Deluge Contemporary Art, Victoria, BC - Nov 1 - 25
In his book The Territorial Imperative (1966), Robert Ardrey argues that the human instinct toward territory is evolutionarily determined and has manifested more recently in private property and nation building. Although popular, the book was controversial for challenging the widely held belief that human behaviour is distinct from animal behaviour. In this exhibition of seven artists, interspecies communication, ecology, colonialism and commodified landscapes are explored in analog motion picture film. See short films by Sarah Ballard, Big Top Collective (Trace Nelson and Peter Sandmark), Yusuf Demirors, Kimberly Forero-Arnías, Janelle VanderKelen and Sebastian Wiedemann.
For those interested in the conflation of history (the explorer Ponce de Leon) and myth (the Fountain of Youth), Ballard’s Heat Spells (2023, USA, 9 min.) focuses on tourism’s re-inscribing role as colonizer through the sightseer’s eternal search for the perfect photograph.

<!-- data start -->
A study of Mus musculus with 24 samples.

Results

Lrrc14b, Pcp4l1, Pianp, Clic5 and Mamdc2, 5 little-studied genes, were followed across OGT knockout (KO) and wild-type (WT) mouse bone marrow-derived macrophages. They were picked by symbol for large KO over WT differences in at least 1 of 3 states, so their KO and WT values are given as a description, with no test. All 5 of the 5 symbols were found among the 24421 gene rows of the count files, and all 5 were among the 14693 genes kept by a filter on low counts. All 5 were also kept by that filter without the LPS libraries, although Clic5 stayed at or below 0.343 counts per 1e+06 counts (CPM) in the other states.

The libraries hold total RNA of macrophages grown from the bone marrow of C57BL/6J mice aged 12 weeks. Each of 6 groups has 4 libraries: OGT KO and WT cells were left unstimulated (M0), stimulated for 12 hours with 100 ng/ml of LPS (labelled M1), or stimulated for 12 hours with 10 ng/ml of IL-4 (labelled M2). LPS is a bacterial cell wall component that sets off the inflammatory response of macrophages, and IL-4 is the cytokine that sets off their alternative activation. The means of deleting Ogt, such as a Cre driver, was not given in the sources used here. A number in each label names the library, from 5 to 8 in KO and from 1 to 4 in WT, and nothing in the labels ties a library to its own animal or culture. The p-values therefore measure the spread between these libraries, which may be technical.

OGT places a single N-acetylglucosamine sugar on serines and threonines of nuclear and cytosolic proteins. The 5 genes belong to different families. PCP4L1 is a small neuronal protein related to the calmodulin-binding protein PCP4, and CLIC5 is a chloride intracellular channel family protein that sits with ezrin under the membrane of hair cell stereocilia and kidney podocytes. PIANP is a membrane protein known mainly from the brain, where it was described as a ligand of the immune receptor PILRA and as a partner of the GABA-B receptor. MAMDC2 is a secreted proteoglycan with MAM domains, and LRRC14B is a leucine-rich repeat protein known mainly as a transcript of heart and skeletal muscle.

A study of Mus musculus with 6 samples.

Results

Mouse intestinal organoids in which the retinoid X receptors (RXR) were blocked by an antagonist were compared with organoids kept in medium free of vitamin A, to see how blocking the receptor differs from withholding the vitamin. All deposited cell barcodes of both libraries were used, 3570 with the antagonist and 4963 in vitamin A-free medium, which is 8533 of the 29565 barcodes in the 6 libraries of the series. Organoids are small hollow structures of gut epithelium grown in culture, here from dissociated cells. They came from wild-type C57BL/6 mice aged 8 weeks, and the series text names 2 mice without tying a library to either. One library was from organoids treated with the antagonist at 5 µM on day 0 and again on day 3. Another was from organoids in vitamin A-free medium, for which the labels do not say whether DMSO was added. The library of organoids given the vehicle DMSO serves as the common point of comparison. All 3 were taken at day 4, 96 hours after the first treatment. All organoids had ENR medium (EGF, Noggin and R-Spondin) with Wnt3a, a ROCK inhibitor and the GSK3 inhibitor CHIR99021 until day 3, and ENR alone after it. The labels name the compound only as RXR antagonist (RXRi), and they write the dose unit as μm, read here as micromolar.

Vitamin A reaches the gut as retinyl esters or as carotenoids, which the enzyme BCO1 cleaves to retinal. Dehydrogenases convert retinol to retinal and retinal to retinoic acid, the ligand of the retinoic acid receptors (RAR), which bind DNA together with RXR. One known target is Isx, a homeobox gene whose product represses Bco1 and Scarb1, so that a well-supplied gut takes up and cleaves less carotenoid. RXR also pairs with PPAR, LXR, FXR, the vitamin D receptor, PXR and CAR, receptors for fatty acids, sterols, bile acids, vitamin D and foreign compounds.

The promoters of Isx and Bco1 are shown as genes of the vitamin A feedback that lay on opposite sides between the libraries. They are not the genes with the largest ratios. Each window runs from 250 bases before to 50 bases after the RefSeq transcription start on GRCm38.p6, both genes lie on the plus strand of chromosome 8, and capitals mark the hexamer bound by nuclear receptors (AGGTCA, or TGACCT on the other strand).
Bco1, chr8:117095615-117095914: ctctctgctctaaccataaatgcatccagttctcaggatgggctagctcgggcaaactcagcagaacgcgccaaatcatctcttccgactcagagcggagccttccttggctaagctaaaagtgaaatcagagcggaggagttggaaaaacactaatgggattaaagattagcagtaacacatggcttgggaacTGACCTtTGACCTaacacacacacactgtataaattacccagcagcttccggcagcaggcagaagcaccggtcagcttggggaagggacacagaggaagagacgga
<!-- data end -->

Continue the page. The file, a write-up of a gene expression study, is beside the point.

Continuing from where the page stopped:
Turkish-born Demirors’ Suya Dokun [Touch the Water] (2023, USA, 8 min.) centres on a lost and amnesiac narrator moving through the strange and miserably polluted waterways of New York City, asking questions of where he is and what it means to be human.
Though recortes (2023, Colombia/USA, 10 min.) draws on filmmaker Forero-Arnías’ family experiences on a Colombian coffee farm and her current life in Boston, it is the scientific field notebook that enables observation “of categories and compartmentalization that sustains dislocation and places pressure on the nature of ‘belonging.’ ” VanderKelen’s Language Unknown (2022, USA/Spain, 6 min.) imagines how plants in all forms and conditions might engage in interspecies communication with their more sensorially limited human counterparts. In a similar turn, Wiedemann’s Oculto [Hidden] (2023, Colombia/Peru, 9 min.) chooses celestial bodies as his non-human foils. In his own words, “The moon turns red, the planet cries, the fall is deeper than we could imagine.”